How to Upgrade Your RAM
One area where computers can always use an upgrade is in RAM. The more memory your computer has, the more time the CPU can spend actually working rather than waiting for data to load from the hard drive.
What Types of Memory Are There?
Kingston makes two different kinds of system memory, DDR3 and DDR4. While both work in basically similar fashion, they are physically incompatible and cannot go in the same system. Each one comes in a different package and requires its own unique connector.
- DDR3: 240-pin package with a nominal operating voltage of 1.5 Volts; module size 133 millimeters long by 30.35 millimeters high and 1.0 millimeters thick.
- DDR4: 288-pin package with a nominal operating voltage of 1.2 Volts; module size 133 millimeters long by 31.25 millimeters high and 1.2 millimeters thick.
How Do You Choose RAM?
When it's time to upgrade your system memory, the first question will always be whether the new memory module actually fits in the existing memory slot. For DDR3 that means either a 240-pin DIMM or 204-Pin SO-DIMM depending on whether you have a desktop or laptop. Both types of memory module use the same protocols and require the same voltage, but they are not interchangeable. Once you get that out of the way, there are a few other things to consider:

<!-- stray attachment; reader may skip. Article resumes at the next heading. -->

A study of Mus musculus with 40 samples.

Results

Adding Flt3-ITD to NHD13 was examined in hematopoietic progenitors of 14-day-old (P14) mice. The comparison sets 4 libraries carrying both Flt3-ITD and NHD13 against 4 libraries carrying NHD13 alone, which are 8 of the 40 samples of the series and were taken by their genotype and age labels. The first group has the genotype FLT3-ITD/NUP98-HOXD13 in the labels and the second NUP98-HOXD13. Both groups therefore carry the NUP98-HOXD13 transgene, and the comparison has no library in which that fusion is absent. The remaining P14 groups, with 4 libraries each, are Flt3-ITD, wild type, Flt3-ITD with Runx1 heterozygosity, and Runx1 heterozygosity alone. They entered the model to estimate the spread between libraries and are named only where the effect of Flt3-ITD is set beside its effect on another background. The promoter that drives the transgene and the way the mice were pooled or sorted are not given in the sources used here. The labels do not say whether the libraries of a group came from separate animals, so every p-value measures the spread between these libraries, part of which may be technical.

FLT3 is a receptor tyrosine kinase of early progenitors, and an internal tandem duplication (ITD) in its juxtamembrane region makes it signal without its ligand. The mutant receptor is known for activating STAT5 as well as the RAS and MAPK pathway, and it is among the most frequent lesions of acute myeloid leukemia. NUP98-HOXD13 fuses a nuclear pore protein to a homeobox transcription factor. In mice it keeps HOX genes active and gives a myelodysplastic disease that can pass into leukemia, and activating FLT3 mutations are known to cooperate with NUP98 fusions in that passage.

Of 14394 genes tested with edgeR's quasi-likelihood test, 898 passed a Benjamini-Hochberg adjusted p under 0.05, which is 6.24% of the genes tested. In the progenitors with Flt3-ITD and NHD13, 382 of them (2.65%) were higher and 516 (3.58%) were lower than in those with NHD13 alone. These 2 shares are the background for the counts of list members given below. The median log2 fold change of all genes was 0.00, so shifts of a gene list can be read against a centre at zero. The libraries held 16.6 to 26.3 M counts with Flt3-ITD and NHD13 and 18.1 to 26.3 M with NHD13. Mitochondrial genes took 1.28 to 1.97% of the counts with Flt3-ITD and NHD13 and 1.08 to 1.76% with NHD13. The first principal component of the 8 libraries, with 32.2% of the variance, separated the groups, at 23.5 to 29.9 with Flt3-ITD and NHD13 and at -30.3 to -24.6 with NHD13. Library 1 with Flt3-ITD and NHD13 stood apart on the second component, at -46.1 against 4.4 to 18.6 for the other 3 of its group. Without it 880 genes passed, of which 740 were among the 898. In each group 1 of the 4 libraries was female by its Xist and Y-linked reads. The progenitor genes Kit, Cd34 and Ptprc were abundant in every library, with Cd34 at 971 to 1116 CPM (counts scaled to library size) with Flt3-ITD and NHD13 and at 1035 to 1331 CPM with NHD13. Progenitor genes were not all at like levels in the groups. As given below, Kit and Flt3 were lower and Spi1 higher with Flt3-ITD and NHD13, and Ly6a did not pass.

- Voltage: Standard DDR3 runs at 1.5 Volts, while DDR3L only needs 1.35 Volts. Note that while DDR3L is compatible with 1.5 Volt chipsets, the reverse is not always true, and some chipsets do not support the higher voltage DDR3 modules.
- Speed: Most Kingston PC3 memory runs at anywhere from 800 MHz for PC3-6400 to 1600 MHz for PC3-12800. The faster the module, the more data it can transfer. Some performance DDR3 modules run at 1866 MHz for a PC3-14900 rating.
- Capacity: In most cases a 4 GB DDR3 module is the smallest you should consider using. Two modules make 8 GB which is plenty for most users, and you can often find a matching pair in an 8 GB kit. Only gamers and power users need regularly go beyond that capacity.
How Much Memory Do You Really Need?
According to Microsoft, the 64-bit edition of Windows 10 needs a minimum of 2 GB of RAM to operate. While you can get by with 2 GB, the computer will feel sluggish, especially if you are multitasking. The real minimum is 4 GB; that gives you enough RAM to use the computer for daily tasks without being concerned about running out of memory. Moving up to 8 GB takes you to what many consider to be the sweet spot for Windows 10. You can add more, but you often find diminishing returns kicking in.